Shares of Dell, the No. 2 PC maker, rose slightly Monday, ahead of the company's third-quarter earnings report scheduled for Tuesday. Investors await news on Dell's moves upscale as well as supply shortages caused by floods in Thailand.
Dell traded at $15.42, up 7 cents in midafternoon. The shares have risen nearly 4 percent in the past three months but have gained almost 14 percent this year.
Analysts expect the Round Rock, Tex.-based direct-order PC pioneer to report earnings of 47 cents a share on revenue around $15.65 billion, compared with 2010's earnings of 45 cents on revenue of $15.4 billion, FactSet Research estimates.
Although the pace of PC shipments is easing compared to the sizzling arc for smartphones and tablets, there may be some signs Dell's results may beat the estimates.
One is that its printers partner, Lexmark International, previously reported third-quarter results that exceeded estimates. CEO Paul Rooke told IBTimes the relationship between Lexmark and Dell was outstanding.
After it abandoned its own try to beat No. 1 PC maker Hewlett-Packard in printers, where it's also No. 1, Dell and Lexmark have focused heavily on enterprise sales.
During the third quarter, PC and server buyers may have hesitated while HP mulled the future of its PC business and switched to Dell. Only last month, just before closing its own fourth quarter, did new HP CEO Meg Whitman announce the PC business would be kept.
As well, several bellwether technology companies, such as IBM, Cisco Systems and Nvidia have also beaten estimates, which could bode well for Dell.
Analysts generally expect a favorable report, watching for profitable outcomes including a boost in gross margins from last quarter's 23.3 percent, cash flow and outlook for the fourth quarter, traditionally Dell's busiest.
Peter Misek, analyst with Jefferies, said he believes the corporate cycle to upgrade PCs is slowing along. As well, managers might want to defer orders until Dell partner Microsoft delivers Windows OS 8 next year.
But Misek and other analysts, like Mark Moskowitz, with JPMorgan Chase, think Dell's focus on services might add earnings potential.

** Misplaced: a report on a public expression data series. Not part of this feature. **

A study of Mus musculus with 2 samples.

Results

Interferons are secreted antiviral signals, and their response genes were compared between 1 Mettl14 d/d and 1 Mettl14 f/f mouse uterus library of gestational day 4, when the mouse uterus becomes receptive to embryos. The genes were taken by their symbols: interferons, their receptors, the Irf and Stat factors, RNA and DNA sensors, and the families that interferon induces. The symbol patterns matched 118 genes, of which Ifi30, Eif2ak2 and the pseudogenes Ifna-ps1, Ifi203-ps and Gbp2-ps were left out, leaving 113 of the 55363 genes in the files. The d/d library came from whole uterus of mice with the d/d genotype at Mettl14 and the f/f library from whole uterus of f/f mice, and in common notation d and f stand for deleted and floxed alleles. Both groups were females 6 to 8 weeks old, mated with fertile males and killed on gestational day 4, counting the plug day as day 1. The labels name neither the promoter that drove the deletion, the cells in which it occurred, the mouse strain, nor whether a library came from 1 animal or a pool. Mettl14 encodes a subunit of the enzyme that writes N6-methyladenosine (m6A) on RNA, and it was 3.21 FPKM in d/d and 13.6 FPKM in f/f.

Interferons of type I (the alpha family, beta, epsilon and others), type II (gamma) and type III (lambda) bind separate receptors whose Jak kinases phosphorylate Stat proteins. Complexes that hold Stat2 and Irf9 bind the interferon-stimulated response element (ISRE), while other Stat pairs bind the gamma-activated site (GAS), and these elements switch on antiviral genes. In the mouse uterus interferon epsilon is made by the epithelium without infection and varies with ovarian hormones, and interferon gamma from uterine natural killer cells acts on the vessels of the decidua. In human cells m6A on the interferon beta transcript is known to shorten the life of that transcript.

Dell acquired Perot Systems for $3.9 billion in 2009, to move more into the computer services business. Founded by Electronic Data Systems founder H. Ross Perot, the two-time presidential candidate, the Plano, Tex.-based company competes against EDS, now a part of HP, as well as with IBM in the enterprise services sector.
As well, founding Chairman Michael Dell, 49, may also shed light on the impact floods in Thailand have had on Dell's incoming components, including disk drives.
Because of its size and expertise with the supply chain, Dell may well have ordered and received ample stocks ahead of the flood. However, because its Asian factories in Malaysia and China, among others, run on lean inventories, they could be caught short.
Finally, another barometer will be Dell's cash and investments, which were $16.18 billion last quarter. Besides repurchasing shares, Dell makes acquisitions, having just completed the purchase of Force10 Networks for a reported $700 million, which bolstered its products in the data center and switching sector against Cisco and HP.
While its own tablet, the Dell Streak, has not been a hit in the market, investment bankers for months have suggested Dell might acquire Research in Motion, the BlackBerry and BlackBerry PlayBook developer, to get more into the market for portable devices and tablets.
Acquiring RIM, though, might be a monumental battle and put Dell into a different sector from the one it knows best.
RIM, based in Waterloo, Ontario, has already watched as activist investors including Toronto's Victor Alboini and New York's Leon Cooperman have bought into the company. RIM's market capitalization is now $9.6 billion and its enterprise value is $8.48 billion.
Meanwhile, Dell's market capitalization is now $28.2 billion. Its enterprise value is $20.6 billion.